Nov 27

Richard McKenna on the Impact of Defense Drawdowns on Naval Careers

Tuesday, November 27, 2012 4:17 PM

By A. Denis Clift*

EDITOR’S NOTE: At the end of two long wars and a time of defense drawdowns, there is a need to guard against the damage that could be caused by a hollow force. Richard McKenna’s words from the past are worthy of reflection.

Fourteen years before reaching fame as the author of the highly acclaimed novel and subsequent Hollywood hit The Sand Pebbles, Chief Machinist’s Mate Richard McKenna, USN, won the Naval Institute’s Enlisted Prize Essay, 1948, writing on “The Post-War Chief Petty Officer: A Closer Look.”

McKenna was born in 1913, grew up in rural Idaho, and enlisted the Navy in 1931 during the Great Depression. From 1939 – 1941, he was a machinist aboard the USS Luzon (PG-47), a Yangtze River Gunboat, which would give him the setting in The Sand Pebbles aboard the fictional 1920′s Yangtze River Gunboat San Pablo.  

The USS Luzon (PG-47) circa 1930

Throughout his Navy years, McKenna’s deep and abiding interest was machinery and engineering. In the engineering spaces and enlisted living spaces, he became an observer and student of the human condition, ridicules and humiliations, misplaced individuals, and the transcending discoveries of self and accomplishment in such environments. The leading character in The Sand Pebbles is machinist Jake Holman who is a loner, has a passion for engines, is disturbed by the crew’s racist attitude toward the Chinese, and who teaches a Chinese coolie the intricacies of engineering.

“McKenna,” according to editor and biographer Robert Shenk, “spent the whole of World War II in the USS Mount Vernon (AP-22), a ship that delivered troops to battle areas throughout the world. During this tour he was advanced to machinist’s mate chief, a rank he retained after the war. Then he found himself passed along rapidly from ship to ship. He transferred to the USS Wakefield (AP-21) in April 1946, joined the USS Washington (BB-56) in February 1947 for just a month, then was assigned to the USS Wisconsin (BB-64). The next year he went to a fleet training group. This kind of rapid transfer, common to the chief-rich but manpower-poor Navy of the period,” was the subject of his Proceedings Prize essay.

The human condition and the travails of chief petty officers were foremost on McKenna’s mind when he wrote while serving at the U.S. Naval Training Center, Great Lakes, Illinois in 1948. He opened the essay with language foreshadowing the future novelist: “The Chief was not happy. With both an elusive feeling of shame and a real and immediate feeling of distress, he was being driven to acknowledge a fact which he found to be as unpleasant as it was inescapable. Service in the post-war Navy was not the same as before. It was not satisfying. And – admit it, oldtimer – the only real reason he had for hanging on was to protect his investment of seventeen years’ service.”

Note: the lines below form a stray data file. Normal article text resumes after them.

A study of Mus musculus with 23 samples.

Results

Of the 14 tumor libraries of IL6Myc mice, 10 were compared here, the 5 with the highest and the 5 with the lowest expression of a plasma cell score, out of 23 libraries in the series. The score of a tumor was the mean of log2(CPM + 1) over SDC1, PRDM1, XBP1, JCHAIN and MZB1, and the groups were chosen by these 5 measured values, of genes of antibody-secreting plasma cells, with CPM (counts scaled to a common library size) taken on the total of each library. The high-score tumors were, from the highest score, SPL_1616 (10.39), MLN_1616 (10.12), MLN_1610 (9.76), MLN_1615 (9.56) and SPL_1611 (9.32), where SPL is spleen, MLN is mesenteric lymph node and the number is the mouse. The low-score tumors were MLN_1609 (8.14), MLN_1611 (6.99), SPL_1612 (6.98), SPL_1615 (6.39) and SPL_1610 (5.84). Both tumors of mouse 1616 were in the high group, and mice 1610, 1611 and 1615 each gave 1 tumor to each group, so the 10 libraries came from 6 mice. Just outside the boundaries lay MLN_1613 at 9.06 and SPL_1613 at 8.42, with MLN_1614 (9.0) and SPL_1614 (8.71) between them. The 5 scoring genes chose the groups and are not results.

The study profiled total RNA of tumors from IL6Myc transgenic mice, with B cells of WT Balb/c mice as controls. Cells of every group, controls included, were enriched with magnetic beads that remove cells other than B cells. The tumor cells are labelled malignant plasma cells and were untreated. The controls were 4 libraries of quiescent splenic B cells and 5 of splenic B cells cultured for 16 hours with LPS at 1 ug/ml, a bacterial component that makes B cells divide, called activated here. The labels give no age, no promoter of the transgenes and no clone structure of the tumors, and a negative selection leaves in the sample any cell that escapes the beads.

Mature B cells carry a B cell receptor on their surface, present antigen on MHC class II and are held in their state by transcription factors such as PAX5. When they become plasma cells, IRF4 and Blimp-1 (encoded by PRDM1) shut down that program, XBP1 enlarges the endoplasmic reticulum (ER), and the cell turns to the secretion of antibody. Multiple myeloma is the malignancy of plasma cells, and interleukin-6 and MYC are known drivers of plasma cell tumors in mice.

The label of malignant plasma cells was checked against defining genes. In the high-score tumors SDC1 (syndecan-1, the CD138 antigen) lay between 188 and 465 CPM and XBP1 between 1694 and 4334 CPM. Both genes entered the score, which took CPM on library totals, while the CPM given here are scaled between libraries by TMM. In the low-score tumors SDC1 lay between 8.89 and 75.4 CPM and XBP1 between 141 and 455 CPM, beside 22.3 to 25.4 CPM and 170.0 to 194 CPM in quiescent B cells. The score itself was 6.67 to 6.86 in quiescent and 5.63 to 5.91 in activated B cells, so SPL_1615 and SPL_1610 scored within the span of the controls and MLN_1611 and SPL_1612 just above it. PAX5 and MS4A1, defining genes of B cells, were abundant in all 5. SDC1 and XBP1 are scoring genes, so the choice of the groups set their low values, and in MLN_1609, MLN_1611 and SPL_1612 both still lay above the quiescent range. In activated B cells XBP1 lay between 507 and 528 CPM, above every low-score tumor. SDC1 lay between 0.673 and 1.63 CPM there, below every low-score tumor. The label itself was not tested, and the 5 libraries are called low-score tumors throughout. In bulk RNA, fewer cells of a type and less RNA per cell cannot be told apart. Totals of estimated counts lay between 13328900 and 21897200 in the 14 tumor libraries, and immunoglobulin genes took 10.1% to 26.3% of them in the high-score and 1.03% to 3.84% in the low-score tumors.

McKenna wrote that in the post-war Navy, chief petty officers were being subjected to an apparently endless series of transfers and finding it difficult to obtain duty assignments commensurate with their training and abilities. “The primary cause of these afflictions is obvious: we are engaged in operating four ships with three crews, so to speak. In the present state of the planet no Navy man will question the wisdom of that policy. It is a fact. The chief petty officer is especially subject to the consequent frantic shuttling about because, in many ratings, he is vastly in excess of allowance.”

He reviewed different aspects of this numerical disproportion: overcrowded chief petty officer living spaces; the problem of who among the chiefs will be in charge when several chiefs are assigned to a single station; the apathy, anger, and other psychological impacts on the chiefs not in charge, the negative downward impact on the unit’s non-rated men. “There is a difference of spirit between a chief whose position affords him full realization of what has been called “the instinct of workmanship,” and a chief who knows that he is “spare gear.” Any seaman apprentice can sense that difference. … These men are plastic material for the impression of whatever mood or spirit is prevalent. … Note well that the chief petty officer must feel honestly the devotion which it is his duty to instill in others, and that he must gain the respect of those others if his example is not to be wasted and the process to be a failure.”

Recognizing that there was no perfect solution, he wrote that it was essential to find suitable employment for the chief petty officers, relatively few in number. “Congressional criticism has been heard recently in reference to a rising ratio of civilian employees of the Armed Forces to the men in uniform.

“Precedent is not lacking. At one time the administrative structure of Guam was staffed largely with naval personnel.” There was even an experimental farm managed by a Warrant Machinist assisted by a Chief Boatswain’s Mate. Although this and other less extreme instances may have seemed incongruous to a naval traditionalist, it is not on record that the personnel assigned to such extra-military activities failed in the discharge of their duties. There is no reason to suppose that U.S. Navy Men are any less versatile at present.”

* Mr. Clift is currently the U.S. Naval Institute’s vice president for planning and operations and president emeritus of the National Intelligence University. He served as a naval officer from 1958-1962 & from 1963-66, he was editor-in-chief of Proceedings.